Dr. Jam Caleda N.D. Integrative Naturopathic Medical Centre Naturopath YVR
5 min|Dr. Jam Caleda

7 Steps to True Happiness: The Connection Between Peace and Inner Fulfillment


True Happiness Comes From Peace

Happiness I think is a very complex topic to understand. Actually I don’t think happiness is its own thing, I think a lot of what we think happiness of is pleasure. These pleasures can come from immediate moments of something tasting really good or enjoying the sounds of a tune to longer lasting pleasures such as the excitements of a relationship or fulfillment of a career. The important aspect to understand is that pleasures are external. I think happiness is internal, and I think true happiness comes from peace.

Where Does Peace Come From?

Peace comes from many things, but fundamentally it comes from knowing yourself. It comes from looking inside yourself and understanding how much of what you’re reacting to is emotional attachments or self-inflicted suffering or desires for things that maybe don’t require as much care.

Kamal Ravikant, an author and philosopher wrote a book called, “Love Yourself Like Your Life Depends On It” and he has a great story about asking a monk on his interpretation of happiness, and the monk said, “To everything that happens, I say yes.” This doesn’t mean agreeing to everything that everyone says, or finding yourself inebriated with a monkey at 4am, but more about being open to the collective experience of being a person.

I think saying ‘yes’ is a very difficult idea to experience, because in life we default to reacting, or pushing against conflict, or fighting to get what we want. We are used to judging our current state constantly, “this is good, this is bad, this feels nice, or I am uncomfortable.” And what judging does is that it separates us from that thing that we are judging, and frames it outside of who we are. And when we continuously judge, we invariably separate ourselves from things, the people around us, and then ourselves.

This disconnect from the world ultimately leaves us lonely or empty, which leads to suffering. So we mask this suffering by trying to fill that void with external distractions that are unsustainable or temporary. We fight against the world and this mindset continues to fuel suffering. So the absence of suffering is peace, and I think this is the derivative of happiness.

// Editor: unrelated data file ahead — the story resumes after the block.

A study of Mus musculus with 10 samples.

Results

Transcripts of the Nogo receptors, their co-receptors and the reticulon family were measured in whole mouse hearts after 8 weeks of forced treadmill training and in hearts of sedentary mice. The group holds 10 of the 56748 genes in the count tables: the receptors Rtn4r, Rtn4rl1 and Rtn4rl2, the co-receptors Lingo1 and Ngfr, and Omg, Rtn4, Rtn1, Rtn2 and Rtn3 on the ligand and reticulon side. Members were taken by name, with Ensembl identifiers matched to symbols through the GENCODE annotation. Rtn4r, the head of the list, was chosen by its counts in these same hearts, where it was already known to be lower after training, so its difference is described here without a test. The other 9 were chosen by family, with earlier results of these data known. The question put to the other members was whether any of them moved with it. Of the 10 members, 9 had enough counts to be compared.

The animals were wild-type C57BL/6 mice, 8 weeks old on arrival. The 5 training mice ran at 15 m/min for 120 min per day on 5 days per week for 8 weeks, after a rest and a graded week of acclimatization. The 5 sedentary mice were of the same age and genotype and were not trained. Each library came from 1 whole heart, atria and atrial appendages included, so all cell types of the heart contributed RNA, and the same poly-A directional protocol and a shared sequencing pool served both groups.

In our reality, it’s impossible to not judge or be upset but peace is about noticing when we judge or react. We can realize that the feeling that we feel is temporary and is an internal manifestation of what is happening around us.

7 Steps to Being Happier in the Moment

So to get practical about it, I’ve compiled a series of tricks on how to be happier in the moment. I’ve used most of them throughout the years and, at first, it seemed very awkward and difficult and required a lot of energy, but now they’ve become assimilated and second nature to practice.

1. Meditation

This has evolved through different forms for me, and I’ve experimented with guided meditations and more free flowing practices. But what has worked for me is simply to be more aware of my experiences, whether it be physical sensations or emotions that I’m feeling and why I am feeling them.

2. More sunlight on the skin

This is an easy cheap one if you’re from Hawaii, but really spending more time outdoors, even in Vancouver, can be very helpful. If need be, you can purchase a full spectrum light to normalize circadian rhythms or talk to your health care provider about vitamin D supplementation.

3. Smile and laugh more

There is some social evidence and theories on why this actually works. Some researchers attribute smiling and laughing to a release of neurotransmitters in the brain but I’ve just used it in my own life and found that it strengthens relationships with people.

4. Telling people you are a happy person

This is predicated on the idea of having consistency bias. If people around you know you as a happy person you will be accountable for it and more likely live up to the expectation.

5. Check your desires

Taking the time to understand why you really want something can be a powerful introspective tool to realizing the importance of many things in your life. And you are going to find that the vast majority of things are just really superficial desires.

6. Check your caffeine

I enjoy green tea once or twice a week, more so for the health benefits and ritual, but I’ve found consuming less caffeine has made me a more stable person and being conscious of the way my body feels. I confess I do appreciate that caffeine insanity when it does happen.

7. Exercising

I move or workout five times a week and I have found that having peace of body can make it easier to have peace of mind.

These little hacks accumulate overtime. They won’t necessarily pull you out of a deep depression, but can definitely upgrade a happiness scale that you already feel. If I step back for a second and try to summate what is important about our own path to happiness is that happiness is a skill that you practice at and a choice that you make.

You choose to be happy and then you work at it, like building muscle, or learning the guitar. You actively decide that it is important to you, you prioritize it over everything else, you attain knowledge about the subject, then you practice it over and over.